Redskins takeaway something with Haslett’s defense

It’s been a bit of a novelty watching the Washington Redskins’

defense in preseason. The players are getting their hands on the

ball – and they’re actually holding on to it.

”We have eight turnovers in three games?” linebacker Lorenzo

Alexander said. ”That’s unheard-of around here, the last couple of

years finishing last in turnovers.”

Alexander isn’t exaggerating much. The Redskins have trailed the

entire league in takeaways twice in the last four seasons. They

were 32nd in 2006, 25th in ’07, tied for 28th in ’08 and again at

the bottom last year, recovering just six fumbles to go with a mere

11 interceptions.

When Jim Haslett was hired as defensive coordinator, he

installed a 3-4 scheme that promised to rectify the problem that

has hurt the Redskins immeasurably in recent seasons. If the

defense isn’t creating turnovers, the offense is seemingly always

having to drive some 60, 70 or 80 yards to score a touchdown.

If the Redskins keep up this pace once the real games begin,

they would finish the regular season with 42 or so takeaways. The

Green Bay Packers led the NFL last year with 40.

”We hadn’t really run the defense yet,” said cornerback

DeAngelo Hall, who has two interceptions playing the vanilla

schemes used in preseason. ”So it’s going to be real exciting to

see what happens when we do start scheming our opponents and

game-planning for them.”

As a former head coach with the New Orleans Saints and St. Louis

Rams, Haslett is rightfully seen as a major addition to the

Redskins. But he’s down on the recognition totem pole next to new

head coach Mike Shanahan and new quarterback Donovan McNabb.

That’s OK with Haslett, who has done just about all there is to

do in the coaching world. Who else, for example, has a resume that

includes both the World League of American Football (defensive

coordinator, Sacramento Surge, 1991-92) and the United Football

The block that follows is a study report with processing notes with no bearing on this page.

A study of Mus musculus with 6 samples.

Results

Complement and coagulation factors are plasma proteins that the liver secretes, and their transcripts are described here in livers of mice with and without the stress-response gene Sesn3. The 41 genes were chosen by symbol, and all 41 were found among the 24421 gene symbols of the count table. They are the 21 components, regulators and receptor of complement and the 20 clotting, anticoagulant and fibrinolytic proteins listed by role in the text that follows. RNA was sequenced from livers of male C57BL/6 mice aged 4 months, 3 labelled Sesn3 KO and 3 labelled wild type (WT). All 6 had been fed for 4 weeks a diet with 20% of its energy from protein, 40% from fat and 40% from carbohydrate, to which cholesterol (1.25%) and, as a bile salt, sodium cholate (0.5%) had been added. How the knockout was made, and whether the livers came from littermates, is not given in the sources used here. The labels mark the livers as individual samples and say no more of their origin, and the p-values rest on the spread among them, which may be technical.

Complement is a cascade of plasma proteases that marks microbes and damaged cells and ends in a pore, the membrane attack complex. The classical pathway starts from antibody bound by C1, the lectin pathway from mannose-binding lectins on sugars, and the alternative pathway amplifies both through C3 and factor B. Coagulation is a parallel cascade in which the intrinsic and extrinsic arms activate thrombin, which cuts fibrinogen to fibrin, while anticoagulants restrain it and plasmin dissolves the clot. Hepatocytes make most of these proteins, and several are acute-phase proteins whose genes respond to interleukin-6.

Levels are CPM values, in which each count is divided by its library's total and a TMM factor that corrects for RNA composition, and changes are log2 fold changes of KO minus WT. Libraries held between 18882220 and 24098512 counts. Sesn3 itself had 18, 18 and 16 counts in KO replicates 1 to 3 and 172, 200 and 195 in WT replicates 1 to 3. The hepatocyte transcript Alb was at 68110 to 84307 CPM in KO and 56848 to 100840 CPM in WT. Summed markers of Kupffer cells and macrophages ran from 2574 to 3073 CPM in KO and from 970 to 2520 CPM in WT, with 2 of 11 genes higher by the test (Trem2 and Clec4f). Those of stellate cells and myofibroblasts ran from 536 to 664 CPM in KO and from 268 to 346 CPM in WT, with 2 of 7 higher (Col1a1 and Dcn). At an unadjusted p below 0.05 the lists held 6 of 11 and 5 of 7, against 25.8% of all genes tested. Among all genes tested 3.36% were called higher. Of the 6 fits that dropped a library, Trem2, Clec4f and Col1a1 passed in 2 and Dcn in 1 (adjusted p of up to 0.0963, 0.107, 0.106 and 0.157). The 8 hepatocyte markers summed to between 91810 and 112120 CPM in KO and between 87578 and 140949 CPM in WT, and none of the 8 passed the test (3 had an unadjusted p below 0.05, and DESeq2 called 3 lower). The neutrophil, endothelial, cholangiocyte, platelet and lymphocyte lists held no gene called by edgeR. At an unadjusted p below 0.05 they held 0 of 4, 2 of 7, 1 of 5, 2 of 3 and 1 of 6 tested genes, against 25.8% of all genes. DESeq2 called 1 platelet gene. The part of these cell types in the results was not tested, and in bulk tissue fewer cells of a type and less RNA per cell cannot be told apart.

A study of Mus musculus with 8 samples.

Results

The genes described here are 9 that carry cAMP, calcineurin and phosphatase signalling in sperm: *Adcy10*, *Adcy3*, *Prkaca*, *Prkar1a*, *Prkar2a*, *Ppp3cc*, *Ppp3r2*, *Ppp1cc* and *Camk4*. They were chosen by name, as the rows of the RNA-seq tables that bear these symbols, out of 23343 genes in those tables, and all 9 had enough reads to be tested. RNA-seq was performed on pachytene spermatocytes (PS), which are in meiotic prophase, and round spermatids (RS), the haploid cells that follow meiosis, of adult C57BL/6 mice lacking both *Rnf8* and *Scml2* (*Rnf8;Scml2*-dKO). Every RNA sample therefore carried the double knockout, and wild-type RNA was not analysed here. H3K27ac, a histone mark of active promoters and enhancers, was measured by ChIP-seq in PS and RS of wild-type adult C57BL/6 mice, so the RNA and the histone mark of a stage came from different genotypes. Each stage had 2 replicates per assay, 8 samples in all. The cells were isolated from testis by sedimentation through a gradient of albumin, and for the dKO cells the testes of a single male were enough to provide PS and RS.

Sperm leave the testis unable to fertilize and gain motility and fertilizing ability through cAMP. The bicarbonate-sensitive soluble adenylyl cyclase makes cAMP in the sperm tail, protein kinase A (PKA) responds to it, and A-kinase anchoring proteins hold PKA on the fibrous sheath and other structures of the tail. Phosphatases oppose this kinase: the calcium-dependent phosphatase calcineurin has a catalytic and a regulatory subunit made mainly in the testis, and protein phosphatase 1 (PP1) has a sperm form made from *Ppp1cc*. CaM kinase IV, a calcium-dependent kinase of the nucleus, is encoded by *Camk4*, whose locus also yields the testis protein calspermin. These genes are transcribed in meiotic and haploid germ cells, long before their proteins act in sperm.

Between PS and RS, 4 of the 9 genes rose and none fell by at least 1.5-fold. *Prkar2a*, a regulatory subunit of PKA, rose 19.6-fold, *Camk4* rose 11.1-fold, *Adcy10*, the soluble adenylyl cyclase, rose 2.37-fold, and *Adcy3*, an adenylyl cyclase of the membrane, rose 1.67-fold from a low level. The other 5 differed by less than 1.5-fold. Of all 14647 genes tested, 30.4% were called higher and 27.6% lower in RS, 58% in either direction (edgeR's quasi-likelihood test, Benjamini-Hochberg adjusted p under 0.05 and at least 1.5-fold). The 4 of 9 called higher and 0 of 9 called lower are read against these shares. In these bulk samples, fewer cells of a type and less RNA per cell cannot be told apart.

League (head coach, Florida Tuskers, 2009)?

Haslett, 54, hadn’t planned to coach anywhere last year so that

he could spend time watching his son play baseball and football.

When the UFL called, he took the job because the condensed schedule

made it possible for him to see all of his son’s baseball games and

half of the football games.

”I’ve kind of done it all now,” Haslett said. ”Somebody asked

me the other day if I want to be a head coach again, I said, ‘No,

you know what I want to do, where I am in life? I just want to have

a chance to win a Super Bowl.’ So that’s more important than

anything. I’ve played, made All-Pro, I was coach of the year in

2000 – I don’t think Mike has that.”

That’s right. Shanahan doesn’t have a coach of the year award.

But Shanahan does have two Super Bowl rings as head coach of the

Denver Broncos.

”The reason I’m coaching is because of Mike,” Haslett said.

”I spent time with Mike in the offseason, and we were looking for

some teams that might have an opportunity for jobs to come open. He

told me he didn’t want to go to a team that didn’t have a chance to

win, and this was one that did have a chance.”

As an offensive-minded coach, Shanahan gives Haslett plenty of

autonomy. It has been Haslett who in recent weeks has played the

important role of peacemaker with Albert Haynesworth, acting as the

good cop as opposed to Shanahan’s bad cop approach to the

malcontent defensive tackle.

”I spent time with Mike teaching him the defense this whole

offseason,” Haslett said. ”We’ve watched film together, and I’ve

coached him up like I was coaching a player. It was a blast.

Sometimes I think he knows too much now.”